Let’s Talk Bookish: Diversity in Books 

Let’s Talk Bookish is a weekly meme, hosted by Rukky @ Eternity Books & Dani @ Literary Lion, where they discuss certain topics, share their opinions, and spread the love by visiting each others’ posts.

Happy Friday, friends!

This week’s prompt: Diversity in books (suggested by Rukki @ Eternity Books)

What do you think is the meaning of diverse?

I have really been struggling with writing this post. My mental hard drive is pretty much full right now. I did talk a little about diversity in one of the past Let’s Talk Bookish posts on Predicting Trends. I will say that my idea of diversity has grown alot over the years and I think part of it has to do with how much our society is working to improve representation and inclusion into so many aspects of our lives. Pop culture, education, commerce and retail, art…you get the idea. I just recently came across the term neurodiversity, which is basically about learning and thinking differences and have been seeing alot more articles and research relating to it.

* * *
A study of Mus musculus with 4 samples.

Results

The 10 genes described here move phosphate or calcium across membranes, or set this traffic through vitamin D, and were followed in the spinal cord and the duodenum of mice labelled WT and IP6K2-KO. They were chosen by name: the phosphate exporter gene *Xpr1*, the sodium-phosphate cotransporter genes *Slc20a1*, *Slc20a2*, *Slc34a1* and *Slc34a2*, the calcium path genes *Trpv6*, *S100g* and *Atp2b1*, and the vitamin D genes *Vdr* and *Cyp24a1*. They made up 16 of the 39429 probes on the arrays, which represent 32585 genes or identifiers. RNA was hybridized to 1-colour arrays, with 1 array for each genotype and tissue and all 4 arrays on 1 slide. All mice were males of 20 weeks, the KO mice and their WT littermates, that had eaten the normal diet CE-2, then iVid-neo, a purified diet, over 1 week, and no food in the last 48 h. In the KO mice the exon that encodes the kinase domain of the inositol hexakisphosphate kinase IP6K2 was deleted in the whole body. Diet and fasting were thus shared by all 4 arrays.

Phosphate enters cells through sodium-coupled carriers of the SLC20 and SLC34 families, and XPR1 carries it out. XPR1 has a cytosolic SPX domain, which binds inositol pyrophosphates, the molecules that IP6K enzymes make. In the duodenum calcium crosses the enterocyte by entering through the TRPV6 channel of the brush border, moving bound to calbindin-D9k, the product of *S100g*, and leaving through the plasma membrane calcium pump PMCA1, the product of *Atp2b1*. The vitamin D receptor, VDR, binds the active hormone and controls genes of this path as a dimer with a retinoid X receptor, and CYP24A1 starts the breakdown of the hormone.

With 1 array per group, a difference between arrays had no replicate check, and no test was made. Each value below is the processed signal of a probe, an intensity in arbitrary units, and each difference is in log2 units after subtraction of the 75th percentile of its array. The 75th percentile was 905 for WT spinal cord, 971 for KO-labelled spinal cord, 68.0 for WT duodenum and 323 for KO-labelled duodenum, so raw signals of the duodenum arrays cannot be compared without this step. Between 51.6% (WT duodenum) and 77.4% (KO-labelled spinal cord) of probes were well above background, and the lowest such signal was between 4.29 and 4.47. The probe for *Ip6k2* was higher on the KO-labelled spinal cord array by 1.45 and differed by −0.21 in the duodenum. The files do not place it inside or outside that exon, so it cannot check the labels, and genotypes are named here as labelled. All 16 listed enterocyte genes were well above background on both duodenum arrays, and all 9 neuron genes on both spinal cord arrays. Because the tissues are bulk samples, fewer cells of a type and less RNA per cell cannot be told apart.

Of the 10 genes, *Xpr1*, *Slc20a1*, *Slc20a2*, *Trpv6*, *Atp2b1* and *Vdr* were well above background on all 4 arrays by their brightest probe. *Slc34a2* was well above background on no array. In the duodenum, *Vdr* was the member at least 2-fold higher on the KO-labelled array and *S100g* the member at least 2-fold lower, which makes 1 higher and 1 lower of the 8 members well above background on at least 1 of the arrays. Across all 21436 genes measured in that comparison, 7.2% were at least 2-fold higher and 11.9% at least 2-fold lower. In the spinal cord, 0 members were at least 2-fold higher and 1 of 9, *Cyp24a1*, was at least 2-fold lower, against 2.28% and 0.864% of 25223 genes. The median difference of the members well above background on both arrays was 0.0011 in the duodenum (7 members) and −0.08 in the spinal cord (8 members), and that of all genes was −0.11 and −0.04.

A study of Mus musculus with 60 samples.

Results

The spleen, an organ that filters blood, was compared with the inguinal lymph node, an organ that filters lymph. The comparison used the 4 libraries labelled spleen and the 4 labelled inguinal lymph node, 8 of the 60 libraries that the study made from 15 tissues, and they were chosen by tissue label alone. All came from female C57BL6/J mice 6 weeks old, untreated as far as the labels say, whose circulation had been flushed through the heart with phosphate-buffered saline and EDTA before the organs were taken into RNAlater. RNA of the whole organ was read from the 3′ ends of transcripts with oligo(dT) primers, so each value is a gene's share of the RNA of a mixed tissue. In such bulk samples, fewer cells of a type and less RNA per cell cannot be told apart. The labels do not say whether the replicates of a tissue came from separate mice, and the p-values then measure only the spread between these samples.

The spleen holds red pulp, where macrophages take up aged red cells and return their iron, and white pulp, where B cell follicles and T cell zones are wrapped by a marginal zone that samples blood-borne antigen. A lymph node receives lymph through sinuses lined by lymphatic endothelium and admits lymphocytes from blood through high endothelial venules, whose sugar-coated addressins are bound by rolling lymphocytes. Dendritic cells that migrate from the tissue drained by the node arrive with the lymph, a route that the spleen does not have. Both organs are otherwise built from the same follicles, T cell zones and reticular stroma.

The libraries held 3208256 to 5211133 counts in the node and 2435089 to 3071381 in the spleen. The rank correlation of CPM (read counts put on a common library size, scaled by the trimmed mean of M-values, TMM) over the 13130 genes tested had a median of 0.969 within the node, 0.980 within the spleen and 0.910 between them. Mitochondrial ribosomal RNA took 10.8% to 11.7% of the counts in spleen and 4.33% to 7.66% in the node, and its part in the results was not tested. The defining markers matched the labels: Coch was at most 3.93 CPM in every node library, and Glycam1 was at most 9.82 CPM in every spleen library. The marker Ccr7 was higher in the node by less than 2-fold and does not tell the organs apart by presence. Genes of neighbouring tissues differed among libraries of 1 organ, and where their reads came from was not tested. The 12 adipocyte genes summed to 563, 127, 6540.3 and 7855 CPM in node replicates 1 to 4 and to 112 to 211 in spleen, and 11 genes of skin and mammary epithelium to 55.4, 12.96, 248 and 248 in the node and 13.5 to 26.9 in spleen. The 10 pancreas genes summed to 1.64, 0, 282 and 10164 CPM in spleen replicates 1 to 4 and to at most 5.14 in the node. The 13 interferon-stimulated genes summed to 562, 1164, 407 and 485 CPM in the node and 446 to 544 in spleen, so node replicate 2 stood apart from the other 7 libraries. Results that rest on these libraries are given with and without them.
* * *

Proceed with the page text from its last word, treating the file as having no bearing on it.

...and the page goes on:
Who do you think is qualified to write a diverse book?

This really depends on a few things. If the main character and storyline heavily involve the things that make the book diverse, then I think the author should be either part of that group or closely related to it to maintain authenticity. Picking an example from one of my recent reads, Burn Baby Burn by Meg Medina, the Latinx culture and New York culture plays such a big part in the overall story. I don’t think it would have been the same coming from an author who wasn’t Latinx or from New York City. But, if the diverse aspect in a book isn’t a large part of the story, then I think the author can still do a good job with enough research and consultation with people who are part of that diverse group. For example, in A Curse So Dark And Lonely the main character has cerebral palsy and the author doesn’t. The author credits the people she consulted at the end of her book and I thought it had enough credibility.

How do you find diverse books to read?

I don’t really go searching for them specifically very often. The one place that I look every now in then is We Need Diverse Books. They have an AMAAAAZING list of where to find diverse books that includes, African, African American, American Indian, book boxes, book awards, disabilities, Islam, Jewish, LGBTQIA, Latinx, South Asian, and general multicultural/diversity resources.

What are some diverse topics/POVs that you specifically look for when you’re finding books and why?

While I try to read from different topics and POVs, to learn new perspectives, I generally tend to look for Latinx stories/characters since that is what I most relate to.

Thanks for reading! I look forward to checking out everyone else’s posts!